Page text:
A MARTÍNEZ, HOST:

Microsoft is laying off 10,000 employees. It's the latest tech company to announce massive cuts to its workforce as the industry faces one of its sharpest downturns in a decade. NPR's tech reporter Bobby Allyn joins us now to discuss what's driving the slowdown. Bobby, it seems like every other day brings some other announcement about a tech company laying off staff. I mean, what's going on here?

BOBBY ALLYN, BYLINE: Yeah, it really does. So if you listen to tech executives explaining the layoffs, they tend to put it this way - the pandemic set off a frenzy of new hiring. Big tech companies brought on thousands of new employees to help, you know, all of us move more of our lives online. But now that the pandemic sugar high is fading, they're looking at their headcounts and realizing they just have too many people. And in Microsoft's case, it's 10,000 too many people. But Amazon has laid off 18,000. Facebook parent company Meta has cut 11,000 positions. Twitter has reduced its staff by two-thirds. This is happening, A, across the whole industry right now.

MARTÍNEZ: All right. Now, that's the explanation from executives. Any other competing theories explaining why Silicon Valley is shedding so many jobs?

ALLYN: There are other theories out there. Let's take Microsoft as an example. It's not a company that's exactly hurting for money right now. In its last quarter, it reported nearly $18 billion in profits. Last year, Microsoft moved to buy video game maker Activision Blizzard for $69 billion in cash. So skeptics ask, does it really need to be slashing jobs right now?

MARTÍNEZ: So are you saying, Bobby, that some tech executives might be actually using the current moment as an excuse to lay people off when they might not really be needing to?

ALLYN: Yeah. That is one theory. I mean, now, inflation is high. And corporate spending has slowed. But big tech should have the wherewithal to push through it, the theory goes. Now, Microsoft's cuts represent about 5% of its workforce. But it's still a lot of people to lose their jobs. There's a tech jobs data tracker called Layoffs.fi. And it found that at least 150,000 tech jobs were cut last year. This really is a stunning reversal because, A, for years, for really more than a decade, the tech industry has just been on a tear, totally unchecked growth spurt. And now it's just really slowing down.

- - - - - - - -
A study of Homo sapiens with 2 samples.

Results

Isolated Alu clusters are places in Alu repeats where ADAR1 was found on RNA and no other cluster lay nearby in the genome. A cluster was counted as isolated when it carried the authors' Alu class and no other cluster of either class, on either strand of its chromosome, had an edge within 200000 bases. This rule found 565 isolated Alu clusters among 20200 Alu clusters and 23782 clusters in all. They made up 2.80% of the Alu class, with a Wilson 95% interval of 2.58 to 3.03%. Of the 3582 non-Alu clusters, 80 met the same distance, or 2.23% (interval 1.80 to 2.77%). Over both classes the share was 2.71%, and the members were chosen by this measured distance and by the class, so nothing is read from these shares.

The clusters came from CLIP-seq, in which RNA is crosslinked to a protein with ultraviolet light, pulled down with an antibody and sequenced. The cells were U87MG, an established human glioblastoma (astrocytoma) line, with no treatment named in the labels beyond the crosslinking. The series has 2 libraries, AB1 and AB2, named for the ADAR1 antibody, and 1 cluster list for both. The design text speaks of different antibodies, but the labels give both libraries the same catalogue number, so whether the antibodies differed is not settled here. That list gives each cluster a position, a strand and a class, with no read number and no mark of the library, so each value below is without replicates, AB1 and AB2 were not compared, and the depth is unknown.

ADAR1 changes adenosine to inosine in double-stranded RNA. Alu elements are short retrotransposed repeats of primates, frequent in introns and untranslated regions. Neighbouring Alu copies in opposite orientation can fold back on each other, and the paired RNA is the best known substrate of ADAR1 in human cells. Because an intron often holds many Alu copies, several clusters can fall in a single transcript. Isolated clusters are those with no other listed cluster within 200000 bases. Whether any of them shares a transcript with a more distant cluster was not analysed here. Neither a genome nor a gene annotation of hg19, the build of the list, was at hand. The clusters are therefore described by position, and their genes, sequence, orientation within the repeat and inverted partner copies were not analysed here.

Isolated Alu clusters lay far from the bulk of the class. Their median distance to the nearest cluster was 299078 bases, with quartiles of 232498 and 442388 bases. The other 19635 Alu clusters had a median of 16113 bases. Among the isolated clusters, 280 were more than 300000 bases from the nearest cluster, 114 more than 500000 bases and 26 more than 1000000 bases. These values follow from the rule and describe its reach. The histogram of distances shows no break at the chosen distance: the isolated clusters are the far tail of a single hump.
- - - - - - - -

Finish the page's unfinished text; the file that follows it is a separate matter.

MARTÍNEZ: So what's the job market, then, look like for the tech workers after they've been let go?

ALLYN: Yeah, so it's better than many. I mean, one survey found that 8 out of 10 techies who are laid off find a new tech job within three months of starting their search. So that does say that techies can quickly land on their feet, but surely not all of them, right? I mean, another thing to consider is that tech relies heavily on immigrant workers. And, you know, when you're on a visa that's tied to your job and you're laid off, the clock starts ticking for you to quickly find another employer sponsor. So many families are just sort of struggling right now, thinking, am I going to be laid off? And if so, is that going to cause a serious crisis?

MARTÍNEZ: Is there anything that can be gleaned off of the tech industry's slowdown right now that maybe the broader economy might be facing soon?

ALLYN: Yeah. So there are some experts who say that the tech industry's pullback is specific to Silicon Valley. But the tech world is seen as a economic bellwether. It's a huge employer, multitrillion-dollar industry. The companies are on the cutting edge. And they intersect with just about every industry in some fashion. So honestly, A, it's hard to see a tech downturn not having some fallout for other parts of the economy. But it's just too early to say definitively if that's the case.

MARTÍNEZ: All right. NPR's Bobby Allyn. Thanks a lot for your reporting.

ALLYN: Thank you, A. Transcript provided by NPR, Copyright NPR.

A Martínez is one of the hosts of Morning Edition and Up First. He came to NPR in 2021 and is based out of NPR West.
Bobby Allyn is a business reporter at NPR based in San Francisco. He covers technology and how Silicon Valley's largest companies are transforming how we live and reshaping society.